Phew! I have finished 2 essays and 1 research project over recent days and one of the best aspects of writing essays is it really gets you thinking.
One essay I entitled “The Mana Party and self determination: a journey and a destination.” As you might expect I am quite keen on The Mana Party and I wanted to assess how the party moves tino rangatiratanga forward.
To do that required a bit of analysis of Effective Māori Representation (EMR) and whether the Māori Party had achieved that, because as we know the Mana Party has formed out of that party. This post offers my view of that area.
Supporters of The Māori Party believe that being in Government and therefore in power, is the best way to achieve incremental gains for Māori self determination and this view ties into EMR, described by the Electoral System report (1986) as, “effective and fair representation of Māori and Māori views”, and represented within the MMP system by the number of Māori MP’s, their political leverage in terms of advancing Māori self determination, the cultural improvements to parliament itself by having more Māori MP’s, and the actual ability of Māori MP’s to influence and lead improvements for Māori.
There can be no doubt that the Māori Party have sat at the table but the key term within EMR is representation and when we look at the flagship policy of the Māori Party, namely repeal of the Foreshore and Seabed Act we can see that they did not represent the views of the vast majority of Māori who submitted in opposition to their solution, the Marine and Coastal Area (Takutai Moana) Act (2011).
Foucault analysed the relationships between power, rights and truth and how the discourses generated hide the true intention of the dominant partner in the relationship, which is to reinforce the dominance. Foucault’s idea of a ‘right’ is that it is given by those in power seemingly as a positive development but actually reaffirming the power dynamic of the dominant relationship. (Foucault, 1976)
The National Government has bestowed a ‘right’ to Māori by repealing the Foreshore and Seabed Act, and on one level it was fulfilling its obligation to its coalition partner the Māori Party, but at a deeper level it was reinforcing authority and the ability to bestow ‘rights’. The idea of a truth from Foucault is a discourse from those with power that supports the normalising of the dominance, which is similar to Gramsci’s idea of ‘common sense’ where the discourse is designed to normalise the dominant relationship and behaviours.
The Māori Party have created a discourse where their ‘truth’ is that they have achieved the goal of repeal and that is what they promised. Certainly the repeal was the impetus for the formation of the Māori Party and it has been completed, but the gains for Māori self determination are non-evident. The National Government have described the repeal and new Act as “recognising the rights of all New Zealanders in the common marine and coastal area” and this view is not consistent with tino rangatiratanga.
The Māori Party discourses have allied with the National Government discourses and their truths are presented as ‘common sense’ and this legitimises the declared truths supporting the continued dominance. The repeal and new Act have reinforced the unequal power relationship between Māori and the Government and offers no advances to Māori self determination.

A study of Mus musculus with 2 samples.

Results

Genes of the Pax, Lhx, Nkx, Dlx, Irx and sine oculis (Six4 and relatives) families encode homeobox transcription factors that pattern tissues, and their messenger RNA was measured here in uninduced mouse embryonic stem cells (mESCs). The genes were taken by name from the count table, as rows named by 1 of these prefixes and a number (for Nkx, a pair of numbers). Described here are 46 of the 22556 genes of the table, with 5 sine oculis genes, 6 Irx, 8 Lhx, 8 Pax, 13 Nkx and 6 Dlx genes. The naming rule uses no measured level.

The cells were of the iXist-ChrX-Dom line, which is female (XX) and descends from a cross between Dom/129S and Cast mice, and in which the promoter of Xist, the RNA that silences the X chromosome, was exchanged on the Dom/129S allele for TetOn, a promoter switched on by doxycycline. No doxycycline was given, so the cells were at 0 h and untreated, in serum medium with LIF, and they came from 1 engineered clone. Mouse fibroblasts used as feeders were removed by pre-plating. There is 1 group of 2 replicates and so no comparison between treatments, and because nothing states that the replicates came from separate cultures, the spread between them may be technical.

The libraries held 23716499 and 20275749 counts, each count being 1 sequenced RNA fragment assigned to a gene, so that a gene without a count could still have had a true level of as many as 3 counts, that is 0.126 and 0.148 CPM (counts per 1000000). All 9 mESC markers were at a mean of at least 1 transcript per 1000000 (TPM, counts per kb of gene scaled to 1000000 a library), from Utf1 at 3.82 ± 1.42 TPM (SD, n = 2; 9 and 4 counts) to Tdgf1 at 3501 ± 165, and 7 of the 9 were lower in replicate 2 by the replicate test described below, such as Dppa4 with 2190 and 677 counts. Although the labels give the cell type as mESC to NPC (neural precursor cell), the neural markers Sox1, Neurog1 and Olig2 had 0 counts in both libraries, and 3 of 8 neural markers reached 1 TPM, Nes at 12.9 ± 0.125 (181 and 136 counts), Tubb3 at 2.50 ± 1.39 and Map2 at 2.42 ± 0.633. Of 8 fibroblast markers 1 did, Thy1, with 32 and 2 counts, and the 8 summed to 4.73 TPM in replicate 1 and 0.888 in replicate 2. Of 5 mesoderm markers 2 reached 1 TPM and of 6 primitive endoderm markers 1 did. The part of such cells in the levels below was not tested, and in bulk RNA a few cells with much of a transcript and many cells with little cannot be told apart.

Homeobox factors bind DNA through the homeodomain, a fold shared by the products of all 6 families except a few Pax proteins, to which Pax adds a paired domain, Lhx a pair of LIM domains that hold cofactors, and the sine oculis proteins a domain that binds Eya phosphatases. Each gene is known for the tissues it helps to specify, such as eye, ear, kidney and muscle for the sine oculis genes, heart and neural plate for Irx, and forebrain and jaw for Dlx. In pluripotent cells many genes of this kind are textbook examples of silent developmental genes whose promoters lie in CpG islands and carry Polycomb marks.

The Mana Party and its supporters reject these discourses and oppose the power relationship where the Government is dominant. Gramsci’s analysis suggests that the way to overcome the common sense discourses from the dominators is to develop counter discourses that take away the dominant groups spiritual prestige and power. The Mana Party dismisses the hegemony of the dominating group and instead forms part of a counter hegemony where the right of Māori to self determination is accepted as normal.
Obviously the essay has a bit more to it than this précis, for instance I looked at the aspect of silencing.
The attempted silencing of Hone Harawira by the Māori Party suggests aspects of Freire’s ‘culture of silence’ concept where a dependent/object society (Māori) is silent in the face of the metropolis/director society (NZ) and often echos the dominant society, because as Freire notes, “The silence of the object society in relation to the director society is repeated in the relationships within the object society itself. Its power elites, silent in the face of the metropolis, silence there own people in turn.”
So my conclusion was clear, EMR has not occurred from the Māori Party, which is why the Mana Party has formed. There have been some discussions recently on The Mana party and what it is all about and my final word is dedicated to that.
The Mana Party has momentum, and the potential to advance Māori self determination because everything within The Mana Party endorses tino rangatiratanga and it is a perquisite for membership. You cannot support The Mana Party and oppose tino rangatiratanga and when equality is welded to social justice issues, which negatively affect many Māori, you have a potent force for change. This force for change is inclusive and The Mana Party offers representation to Māori and non-Māori.
I’ll post about my other essay soon because it relates to this essay and was all about Māori and retirement and the inequity facing Māori throughout their working life, as they get close to retirement and after retirement. This inequity manifests in income, employment, and longevity and offers good evidence for lowering the retirement age for Māori to create equality.